The investing world can be an intimidating one, especially for those new to the game. You want to grow your portfolio with as little risk as possible, but you have no idea where to start. It’s a common fear, but one that can be quelled by buying shares in socially responsible businesses. Here are the golden rules of investment.
- Understand the object of your investment
As an investor, you should only invest in things that you understand. This doesn’t mean you should only invest in industries of your expertise. However, an investor needs to understand how an investment functions. When investing in companies you should quickly understand how the business model of the company works and how it will generate revenue in the future. To do this, you need to be able to break down the business model to the basic ratio.
- Invest long-term
Investments should be made while keeping the long run in mind. Investors who are only out for short-term profits run the risk of losing their patience when exchange rates fluctuate and thus make high losses. Moreover, the performance of the portfolio sinks every time an investor rejects a position and adds a new one. Instead, investors should invest in assets that they want to keep long-term.
- Pay attention to valuations
One key figure is especially important to investors: valuation. Company valuation plays a key role in the question of whether or not the investment is lucrative, particularly in enterprise participation. Investors don’t want to pay more for the earnings of a company and its future growth prospects than necessary. There are many different ways to calculate the value of a company. You can use detailed financial figures to calculate the company value of listed companies by looking at the development of the company in recent years. Based on this, you can derive a realistic forecast of how the company could develop in the near future. In venture capital, i. e. startup investments, company valuations are subject to a wider range of fluctuations, as there are often no reliable financial figures. But here too, there are methods for determining the company value. This value is a direct indicator of whether and how much an investor should invest in a company.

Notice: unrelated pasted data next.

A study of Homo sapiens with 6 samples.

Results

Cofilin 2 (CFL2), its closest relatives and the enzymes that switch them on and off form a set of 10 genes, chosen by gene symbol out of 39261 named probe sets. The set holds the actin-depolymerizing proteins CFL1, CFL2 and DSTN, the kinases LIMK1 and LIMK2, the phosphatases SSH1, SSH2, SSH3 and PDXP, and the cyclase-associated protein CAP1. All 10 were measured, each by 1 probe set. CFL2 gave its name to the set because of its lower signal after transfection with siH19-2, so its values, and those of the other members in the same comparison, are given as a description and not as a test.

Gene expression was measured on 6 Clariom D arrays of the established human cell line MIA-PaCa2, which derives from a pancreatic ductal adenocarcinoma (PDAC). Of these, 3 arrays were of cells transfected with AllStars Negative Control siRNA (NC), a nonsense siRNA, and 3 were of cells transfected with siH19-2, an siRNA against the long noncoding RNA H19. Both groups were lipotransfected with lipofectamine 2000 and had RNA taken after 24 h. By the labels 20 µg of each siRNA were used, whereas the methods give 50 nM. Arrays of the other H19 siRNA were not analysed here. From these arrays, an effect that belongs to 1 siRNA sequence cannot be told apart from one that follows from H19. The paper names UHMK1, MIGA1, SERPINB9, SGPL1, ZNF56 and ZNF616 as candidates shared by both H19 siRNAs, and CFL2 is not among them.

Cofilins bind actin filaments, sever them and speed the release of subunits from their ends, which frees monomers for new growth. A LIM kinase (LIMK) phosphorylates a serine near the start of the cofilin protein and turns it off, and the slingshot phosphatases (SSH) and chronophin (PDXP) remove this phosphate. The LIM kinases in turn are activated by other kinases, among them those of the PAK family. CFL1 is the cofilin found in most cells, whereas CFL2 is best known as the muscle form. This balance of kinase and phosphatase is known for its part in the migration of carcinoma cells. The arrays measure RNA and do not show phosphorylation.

- Calculate real return
Ultimately, the return is the decisive figure by which an investor chooses whether or not an investment is lucrative for him or her. The focus here should always be the real return, i.e. the return adjusted for inflation, transaction costs, and taxes. Nominal returns can cause confusion because only real returns can express the increase in purchasing power without alteration.
- Pay attention to timing and position size
Investors need patience. After identifying a good investment, the next step is waiting for the right time to get involved. Sometimes that can be right then and there, other times it can be months or even years later. But when the time comes, one has to be ready for it. Don’t jump on the next best opportunity; the market offers enough chances. When an opportunity is presented, the next question is how high the stakes are.
- Don’t trust trends
Following the masses is not good advice for an investor. By the time even the last investor has heard of a worthwhile investment opportunity, the expected profit margin will already have become very low. Investment legend Warren Buffet once said: “I will explain how you can become rich. Be nervous when others are greedy. And be greedy when others are nervous.” Psychological effects play an important role in financial markets.
- Diversify Risks
Investors should never place their capital in only one single asset. Instead, the portfolio’s risk should be spread as widely as possible by investing in assets from different sectors and with varying risk/return ratios. This approach is called diversification.